By Avril Nicoll
Avril Nicoll discusses the Scottish Executive's controversial strategy to increase the number of community maternity units, which has received a boost with news of a remarkable turnaround at an existing unit
The midwife-led North Angus Community Maternity Unit in Montrose is celebrating the arrival of its 100th baby this year, a complete reversal of a downward trend experienced over many years. All local women receive their antenatal and postnatal care from the unit midwives, but a growing majority of women had been choosing a consultant unit for the birth of their baby. In 2002, only 47 women used Montrose.
Kirstin Hoggins, lay chair of the Angus Maternity Services Liaison Committee, comments, "When the unit was earmarked for closure during the Tayside Acute Services review, the Keep MUM (Maternity Unit in Montrose) campaign successfully argued that it should be reprieved, and that we should all work together to increase the number of births to 50 per cent of the local birthing population.
It is a credit to the commitment, skill and determination of the midwives that, although the total number of women in the area who are having children has stayed about the same, many more of them-in fact, 48 per cent so far this year-are now experiencing the quality of care available at Montrose."
Team leader and Supervisor of Midwives Bertha Leatherbarrow says, "For women who are at low risk of complications, research backs up our experience that there are many advantages to giving birth in a community maternity unit. Our midwives are taking every opportunity to let women and their families know about this, and the numbers speak for themselves." She adds, "The way our birthing room is set up, and our focus on encouraging women to follow their instincts during labour, positively encourages a straightforward, active birth to give mums and babies the best possible start together."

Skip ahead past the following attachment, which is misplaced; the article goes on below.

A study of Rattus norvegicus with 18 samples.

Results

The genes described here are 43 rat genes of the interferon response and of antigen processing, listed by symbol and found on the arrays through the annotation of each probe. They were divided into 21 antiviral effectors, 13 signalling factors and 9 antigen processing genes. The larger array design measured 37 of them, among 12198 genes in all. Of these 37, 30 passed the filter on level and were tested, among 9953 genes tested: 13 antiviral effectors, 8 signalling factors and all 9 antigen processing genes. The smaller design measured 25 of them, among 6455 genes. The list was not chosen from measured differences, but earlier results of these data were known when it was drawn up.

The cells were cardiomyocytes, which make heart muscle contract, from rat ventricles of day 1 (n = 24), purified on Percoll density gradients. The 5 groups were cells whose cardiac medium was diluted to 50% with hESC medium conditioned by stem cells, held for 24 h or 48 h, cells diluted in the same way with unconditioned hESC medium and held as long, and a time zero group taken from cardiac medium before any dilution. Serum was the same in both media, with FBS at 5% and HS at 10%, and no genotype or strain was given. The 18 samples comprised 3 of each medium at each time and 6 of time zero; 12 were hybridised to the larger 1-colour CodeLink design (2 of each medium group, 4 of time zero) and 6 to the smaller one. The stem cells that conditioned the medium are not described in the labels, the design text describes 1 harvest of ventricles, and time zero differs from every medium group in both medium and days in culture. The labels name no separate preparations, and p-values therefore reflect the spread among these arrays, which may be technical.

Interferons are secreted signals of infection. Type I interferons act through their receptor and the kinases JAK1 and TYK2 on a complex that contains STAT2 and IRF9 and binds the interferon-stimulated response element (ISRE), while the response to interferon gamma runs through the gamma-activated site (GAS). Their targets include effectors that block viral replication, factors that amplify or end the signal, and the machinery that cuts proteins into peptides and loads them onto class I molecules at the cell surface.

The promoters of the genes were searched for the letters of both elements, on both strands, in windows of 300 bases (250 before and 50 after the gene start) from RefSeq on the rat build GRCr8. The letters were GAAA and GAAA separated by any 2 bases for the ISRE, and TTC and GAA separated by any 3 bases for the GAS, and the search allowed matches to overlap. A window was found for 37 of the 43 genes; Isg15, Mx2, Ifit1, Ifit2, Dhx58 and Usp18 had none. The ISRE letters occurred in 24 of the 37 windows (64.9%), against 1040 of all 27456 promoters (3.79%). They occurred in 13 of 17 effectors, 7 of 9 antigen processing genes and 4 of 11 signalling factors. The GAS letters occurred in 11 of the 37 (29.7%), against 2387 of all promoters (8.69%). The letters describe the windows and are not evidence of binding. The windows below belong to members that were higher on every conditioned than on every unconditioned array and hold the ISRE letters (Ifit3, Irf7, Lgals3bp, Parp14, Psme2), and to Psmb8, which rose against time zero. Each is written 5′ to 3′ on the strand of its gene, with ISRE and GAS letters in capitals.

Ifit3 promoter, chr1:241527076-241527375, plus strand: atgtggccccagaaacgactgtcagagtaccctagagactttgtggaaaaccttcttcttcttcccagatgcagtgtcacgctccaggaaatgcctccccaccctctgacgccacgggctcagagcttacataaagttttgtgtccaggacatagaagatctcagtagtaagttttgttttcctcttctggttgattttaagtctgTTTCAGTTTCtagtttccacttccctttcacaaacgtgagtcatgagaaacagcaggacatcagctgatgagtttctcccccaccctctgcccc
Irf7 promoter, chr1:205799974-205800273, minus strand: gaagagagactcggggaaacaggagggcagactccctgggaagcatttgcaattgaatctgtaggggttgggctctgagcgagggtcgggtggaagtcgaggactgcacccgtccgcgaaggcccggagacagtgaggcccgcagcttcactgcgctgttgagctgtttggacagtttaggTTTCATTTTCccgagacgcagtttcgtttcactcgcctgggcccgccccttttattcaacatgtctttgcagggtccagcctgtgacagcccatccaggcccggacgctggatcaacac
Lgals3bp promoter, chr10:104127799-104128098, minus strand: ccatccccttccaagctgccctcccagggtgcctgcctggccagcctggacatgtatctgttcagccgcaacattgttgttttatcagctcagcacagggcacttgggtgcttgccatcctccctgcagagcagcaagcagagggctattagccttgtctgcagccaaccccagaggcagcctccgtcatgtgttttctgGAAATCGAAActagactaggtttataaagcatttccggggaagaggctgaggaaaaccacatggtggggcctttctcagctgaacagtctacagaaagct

Community maternity units such as Montrose are suitable for women who are expected to have an uncomplicated birth. Research has shown that, for these women, planning to give birth in this type of facility reduces the likelihood that they will need medical interventions such as induction of labour, epidural anaesthesia, forceps and caesarean sections. In recent years, there has been increasing medicalisation of childbirth and centralisation in large consultant units, but community maternity units are part of the Scottish Executive's strategy to reverse the trend and meet its commitment to local provision of services wherever possible.
Midwives and managers from other NHS boards have been visiting Montrose to find out the reasons for its success. Consultation is underway in Argyll and Clyde for a network of Community Maternity Units with one consultant unit, the preferred option of the NHS board.
Meanwhile, in NHS Tayside, which includes the Montrose unit and the South Angus Community Maternity Unit in Arbroath, Perth and Kinross public and midwives are considering whether to develop a midwife-led unit in Perth, or to put all local births to Dundee.
The North Angus Community Maternity Unit is 30 miles, or one hour, from the nearest consultant unit at Ninewells Hospital in Dundee. The team of 9.8 whole- time equivalent midwives are hospital- based, but are also responsible for community duties. They cover a rural area of approximately 317 square-miles with a population of nearly 26,000. This includes three main centres -Montrose, Brechin and Edzell-and they also see a number of women from the South Mearns area of Grampian.
The intrapartum transfer rate from Montrose (the percentage of women transferred to a consultant unit during labour because of complications) is under 11 per cent. The unit welcomes first-time mothers.
The North Angus Community Maternity Unit is currently situated in Montrose Royal Infirmary. A new purpose-built unit is planned for the end of 2004.
Births at the unit by year
Note: Avril Nicoll is a user representative on the Angus Maternity Services Liaison Committee.